In a decision that has been welcomed from many corners of the motoring community, the Australian government has given an assurance that the country will not turn into the world’s dumping ground for vehicles.
This was in stark contrast to conclusions made in the Productivity Commission’s final report for their Inquiry into Australia’s Automotive Manufacturing Industry. The commission believed that relaxing restrictions on overseas models would benefit the country’s industry, but this has been slammed from all corners.
In the commission’s report, the proposal was also meant to improve access to cheap second hand vehicles in Australia. However, with the strong Australian dollar and other market influences, used car prices are at their lowest in ten years.
One problem was stated that it would hurt the chances of local motorists selling their cars through dealerships as the market would be swamped with foreign second-hand cars.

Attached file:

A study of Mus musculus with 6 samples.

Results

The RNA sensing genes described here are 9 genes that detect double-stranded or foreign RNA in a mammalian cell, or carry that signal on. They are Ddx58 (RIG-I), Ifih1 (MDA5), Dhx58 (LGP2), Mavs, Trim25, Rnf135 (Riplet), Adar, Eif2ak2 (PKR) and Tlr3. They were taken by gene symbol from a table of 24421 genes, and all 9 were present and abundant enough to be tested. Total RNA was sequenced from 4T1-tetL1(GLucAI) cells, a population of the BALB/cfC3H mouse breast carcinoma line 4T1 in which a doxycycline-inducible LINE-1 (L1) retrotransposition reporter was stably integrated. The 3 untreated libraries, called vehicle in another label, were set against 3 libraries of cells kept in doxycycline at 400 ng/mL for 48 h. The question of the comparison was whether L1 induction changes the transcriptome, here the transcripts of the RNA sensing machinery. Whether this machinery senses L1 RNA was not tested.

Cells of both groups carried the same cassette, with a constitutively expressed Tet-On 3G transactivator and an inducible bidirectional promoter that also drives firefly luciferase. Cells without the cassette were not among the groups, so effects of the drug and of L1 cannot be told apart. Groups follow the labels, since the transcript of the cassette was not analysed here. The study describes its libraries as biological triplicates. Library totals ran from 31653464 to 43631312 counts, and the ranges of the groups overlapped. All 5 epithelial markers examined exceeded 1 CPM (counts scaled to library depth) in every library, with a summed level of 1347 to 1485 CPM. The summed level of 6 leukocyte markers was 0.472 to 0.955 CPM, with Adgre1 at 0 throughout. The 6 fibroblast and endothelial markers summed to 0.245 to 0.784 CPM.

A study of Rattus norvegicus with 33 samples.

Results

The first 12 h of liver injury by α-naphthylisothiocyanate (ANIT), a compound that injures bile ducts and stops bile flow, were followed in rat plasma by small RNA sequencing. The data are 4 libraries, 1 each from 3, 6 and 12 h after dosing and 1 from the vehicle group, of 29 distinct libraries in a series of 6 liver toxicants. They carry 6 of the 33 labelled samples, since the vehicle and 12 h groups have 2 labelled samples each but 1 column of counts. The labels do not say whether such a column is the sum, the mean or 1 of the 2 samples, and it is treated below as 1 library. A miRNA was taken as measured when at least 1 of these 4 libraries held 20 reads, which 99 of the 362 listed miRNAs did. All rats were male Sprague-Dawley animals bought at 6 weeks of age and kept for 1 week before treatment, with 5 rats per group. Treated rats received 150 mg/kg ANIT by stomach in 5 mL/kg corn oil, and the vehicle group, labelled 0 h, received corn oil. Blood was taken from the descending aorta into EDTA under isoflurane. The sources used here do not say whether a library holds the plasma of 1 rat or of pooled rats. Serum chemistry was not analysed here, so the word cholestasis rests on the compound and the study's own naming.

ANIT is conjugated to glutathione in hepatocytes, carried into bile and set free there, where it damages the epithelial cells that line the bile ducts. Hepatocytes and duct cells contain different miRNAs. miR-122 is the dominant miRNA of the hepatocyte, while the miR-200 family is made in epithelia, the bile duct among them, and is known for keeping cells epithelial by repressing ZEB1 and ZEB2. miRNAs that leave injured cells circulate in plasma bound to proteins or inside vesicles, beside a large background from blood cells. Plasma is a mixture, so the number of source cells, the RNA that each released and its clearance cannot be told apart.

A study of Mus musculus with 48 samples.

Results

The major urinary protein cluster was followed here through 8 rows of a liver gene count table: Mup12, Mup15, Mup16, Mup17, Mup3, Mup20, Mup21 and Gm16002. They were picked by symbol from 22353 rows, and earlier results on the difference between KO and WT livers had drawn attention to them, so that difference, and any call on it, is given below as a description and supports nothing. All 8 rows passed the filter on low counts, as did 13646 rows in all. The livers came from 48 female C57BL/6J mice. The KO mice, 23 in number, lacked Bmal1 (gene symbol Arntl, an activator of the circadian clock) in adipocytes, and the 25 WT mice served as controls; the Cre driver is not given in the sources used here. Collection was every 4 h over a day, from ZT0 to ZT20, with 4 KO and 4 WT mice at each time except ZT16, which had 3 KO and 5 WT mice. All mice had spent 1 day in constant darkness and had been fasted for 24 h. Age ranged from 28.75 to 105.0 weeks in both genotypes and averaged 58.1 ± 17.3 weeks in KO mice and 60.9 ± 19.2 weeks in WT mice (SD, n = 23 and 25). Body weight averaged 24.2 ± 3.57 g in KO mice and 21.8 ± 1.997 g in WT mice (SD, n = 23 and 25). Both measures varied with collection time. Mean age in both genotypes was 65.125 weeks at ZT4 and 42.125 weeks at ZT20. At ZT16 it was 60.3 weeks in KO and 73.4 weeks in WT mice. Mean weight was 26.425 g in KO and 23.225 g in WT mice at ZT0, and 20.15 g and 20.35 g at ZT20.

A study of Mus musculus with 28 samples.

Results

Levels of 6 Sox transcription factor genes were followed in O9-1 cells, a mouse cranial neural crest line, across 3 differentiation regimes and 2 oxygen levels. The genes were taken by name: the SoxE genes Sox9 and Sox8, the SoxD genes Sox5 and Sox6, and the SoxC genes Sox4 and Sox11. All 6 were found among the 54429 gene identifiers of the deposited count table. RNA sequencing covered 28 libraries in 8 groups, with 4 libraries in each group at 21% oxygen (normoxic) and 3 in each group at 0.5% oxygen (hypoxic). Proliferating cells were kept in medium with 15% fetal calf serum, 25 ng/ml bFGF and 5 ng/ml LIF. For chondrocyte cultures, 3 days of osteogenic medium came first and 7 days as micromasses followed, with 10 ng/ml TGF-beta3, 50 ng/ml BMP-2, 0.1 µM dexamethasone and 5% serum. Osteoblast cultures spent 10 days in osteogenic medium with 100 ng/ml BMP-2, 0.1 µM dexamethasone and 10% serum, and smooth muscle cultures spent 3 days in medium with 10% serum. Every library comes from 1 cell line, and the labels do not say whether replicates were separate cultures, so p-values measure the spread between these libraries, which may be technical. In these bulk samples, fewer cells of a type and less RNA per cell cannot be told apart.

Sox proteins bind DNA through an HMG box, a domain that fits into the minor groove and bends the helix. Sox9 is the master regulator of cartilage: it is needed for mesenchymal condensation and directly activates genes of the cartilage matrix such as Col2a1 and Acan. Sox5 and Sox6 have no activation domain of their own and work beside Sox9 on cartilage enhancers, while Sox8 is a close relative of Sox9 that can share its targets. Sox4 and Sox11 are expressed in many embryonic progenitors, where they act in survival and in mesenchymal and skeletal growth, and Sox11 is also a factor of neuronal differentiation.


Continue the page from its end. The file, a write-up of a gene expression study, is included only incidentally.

FCAI Chief Executive, Tony Weber explained that Australia’s competitive car market and environmental and safety technologies can’t be put at risk for imported vehicles.
“With the significant year-on-year improvements in vehicle technology, it goes without saying that a newer motor vehicle fleet is better for consumers as newer cars are safer, more environmentally friendly and more reliable,” he said.
“The high level of competition is benefiting consumers, with a vast majority of models sold in Australia at a cheaper price than other right-hand drive markets.”
Bringing in additional second hand vehicles could also have a negative affect on the nation’s road toll. With many of these vehicles not up to the tough conditions of our roads, buying an overseas driven vehicle could put safety at risk.
“No decision has been taken by the Australian Government to reduce these restrictions and we have no intention of allowing Australia to become the dumping ground for other countries’ old secondhand vehicles,” Federal Industry Minister Ian Macfarlane said in a statement.